The Vines is an Australian garage rock band that emerged along with a new breed of alternative rockers such as The Strokes, The Hives and The White Stripes in 2002.
The original version of the Vines met in suburban Sydney in the mid 1990s where Craig Nicholls, Patrick Matthews and David Oliffe met while working at their local McDonalds. They decided to form a band with Nicholls on guitar and vocals, Matthews on bass and vocals and Oliffe on drums. The band played Nirvana covers at parties while working on developing a sound of their own on Nicholls' four-track recorder. The band was named the Vines because Nicholls' father played in a Sydney band called the Vynes.
Highly Evolved - worldwide success
Their debut single "Factory" attracted little interest in their native land, but the Vines signed with Heavenly Records in the United Kingdom. They funded the recording of Highly Evolved with Rob Schnapf who had worked with the Foo Fighters, Beck and Elliott Smith. The single "Highly Evolved" earned them more critical hype as NME made it a single of the week in March 2002. That single also charted in the UK at #32 on the singles chart and also in Australia's ARIAnet top 100 singles chart. The release of the album saw more critical success with the band appearing on the cover of Rolling Stone and the NME. The album debuted at #3 in the UK's albums chart, #5 in Australia's ARIAnet albums chart and #11 in the US Billboard Hot 100 albums chart. With the band playing high-profile slots on The Late Show with David Letterman and the MTV Video Music Awards. A few more singles were released from the album, including "Get Free" which charted in the UK at #24 and Australia at #44, while also being the #5 song in Australia's Triple J Hot 100 of 2002. A third single, "Outtathaway" also charted in the UK, at #20, and also in Australia at #38. A fourth single was also released in Australia titled "Homesick", reaching #50. Highly Evolved then went on to sell 1.5 million albums throughout the world with distribution through Capitol Records.
The instant success put great strain on the band. Oliffe did not like touring and the band added guitarist Ryan Griffiths and drummer Hamish Rosser. Nicholls and Matthews had a serious fight after a gig in Boston in late 2002.
In May 2003, the band went into a studio in Woodstock, New York with Rob Schnapf again on production. While Craig Nicholls had talked of having a highly produced album, he told the Australian edition of Rolling Stone in March 2004 that they decided to stick to a less-is-more philosophy. "I wanted it to be - in my head - something grand, with big ideas and that vision sort of thing. But at the same time, that doesn't mean that something can't be special if it's just simple. Because I think that the songs are the main thing".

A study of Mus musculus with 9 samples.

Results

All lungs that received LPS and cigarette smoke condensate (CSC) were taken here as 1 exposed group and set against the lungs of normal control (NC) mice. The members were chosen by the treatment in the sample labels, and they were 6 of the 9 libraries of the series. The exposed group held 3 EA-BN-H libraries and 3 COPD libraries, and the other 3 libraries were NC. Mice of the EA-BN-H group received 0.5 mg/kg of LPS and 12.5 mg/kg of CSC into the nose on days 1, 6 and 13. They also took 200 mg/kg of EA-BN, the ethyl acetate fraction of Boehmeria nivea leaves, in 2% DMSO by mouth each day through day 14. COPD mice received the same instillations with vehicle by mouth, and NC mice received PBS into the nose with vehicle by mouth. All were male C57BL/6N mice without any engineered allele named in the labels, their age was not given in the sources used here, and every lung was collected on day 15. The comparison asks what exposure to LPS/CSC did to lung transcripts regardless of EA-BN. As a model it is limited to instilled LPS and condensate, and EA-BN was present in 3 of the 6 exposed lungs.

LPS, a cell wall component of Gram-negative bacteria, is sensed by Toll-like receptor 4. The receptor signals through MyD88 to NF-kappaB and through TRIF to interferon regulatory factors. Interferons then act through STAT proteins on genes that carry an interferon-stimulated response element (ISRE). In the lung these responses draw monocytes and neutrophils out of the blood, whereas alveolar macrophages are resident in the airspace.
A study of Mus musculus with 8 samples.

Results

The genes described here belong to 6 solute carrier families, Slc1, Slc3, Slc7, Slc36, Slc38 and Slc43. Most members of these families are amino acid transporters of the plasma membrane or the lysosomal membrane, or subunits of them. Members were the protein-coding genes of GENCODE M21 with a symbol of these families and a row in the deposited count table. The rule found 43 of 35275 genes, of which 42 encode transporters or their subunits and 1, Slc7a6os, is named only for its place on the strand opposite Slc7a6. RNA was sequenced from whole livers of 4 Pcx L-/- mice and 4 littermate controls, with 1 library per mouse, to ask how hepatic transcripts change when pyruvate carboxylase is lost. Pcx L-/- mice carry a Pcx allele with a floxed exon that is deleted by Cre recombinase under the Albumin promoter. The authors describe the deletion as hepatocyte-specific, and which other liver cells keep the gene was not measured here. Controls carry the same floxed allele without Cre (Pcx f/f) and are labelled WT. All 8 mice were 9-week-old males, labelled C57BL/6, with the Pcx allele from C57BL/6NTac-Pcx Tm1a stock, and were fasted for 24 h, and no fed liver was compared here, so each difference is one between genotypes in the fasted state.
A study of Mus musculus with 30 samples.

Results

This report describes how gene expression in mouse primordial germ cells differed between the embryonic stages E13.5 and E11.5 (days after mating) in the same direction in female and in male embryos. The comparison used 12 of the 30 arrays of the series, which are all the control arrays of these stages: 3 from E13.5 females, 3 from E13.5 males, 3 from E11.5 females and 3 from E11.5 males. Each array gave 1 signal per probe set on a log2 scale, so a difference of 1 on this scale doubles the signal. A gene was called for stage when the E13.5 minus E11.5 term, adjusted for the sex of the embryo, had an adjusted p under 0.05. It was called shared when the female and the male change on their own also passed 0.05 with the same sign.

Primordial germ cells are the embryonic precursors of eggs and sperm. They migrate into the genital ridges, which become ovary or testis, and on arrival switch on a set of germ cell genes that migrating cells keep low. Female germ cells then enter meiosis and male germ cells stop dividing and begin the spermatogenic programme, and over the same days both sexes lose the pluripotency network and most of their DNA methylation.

Their second album, Winning Days, was released on March 29, 2004 and debuted at #7 in Australia, #23 in the US and #32 in the UK. "Ride" is the first single off the album, reaching #25 in the UK and #44 in Australia. The Vines had recently finished their "Australian Invasion" tour with Jet and The Living End, which started on March 11, 2004 in Houston, Texas. A second single off the album, the title track "Winning Days" was released in the UK and charted at #42. There is speculation that "Animal Machine" will be the next American/worldwide single, as the Vines have only released high-tempo, distorted songs as singles in the US. "Ride" was featured on a Nissan Cars commercial and an iPod commercial in the US in 2005.
However, after the conclusion of the tour, the band found itself in harder times. Winning Days had not lived up to the success of Highly Evolved, and had gotten a lukewarm reception from both critics and audiences. Lead singer Craig Nicholls was becoming increasingly erratic, and had to be barred from doing media interviews after several bad experiences on the American tour.
This came to a head in late May 2004, when bassist Patrick Matthews walked off stage, after Craig bleated at the crowd in frustration after repeatedly asking the crowd to stop talking, during the first song of a radio promotion performance for national station Triple M at the Annandale Hotel in Sydney. In the aftermath, Nicholls assaulted a photographer, and charges were pressed. Triple M also permanently banned The Vines from airplay on their network. The band's management state that the Vines will cease touring in support of Winning Days, but will record another album.
On 19 November 2004 it was revealed that Craig Nicholls has Asperger's Syndrome, a form of autism. His diagnosis was revealed at a court appearance at Balmain Local Court in Sydney where assault charges stemming from the incident at the Annandale Hotel were dropped. The Vines may never undertake a major tour again because of Nicholls' condition but plan to perform occasional concerts.
As of 2004, the band consisted of:
Craig Nicholls - vocals and guitar,
Patrick Matthews - bass and vocals,
Ryan Griffiths - guitar,
Hamish Rosser - drums.
David Oliffe was in the band until late 2002.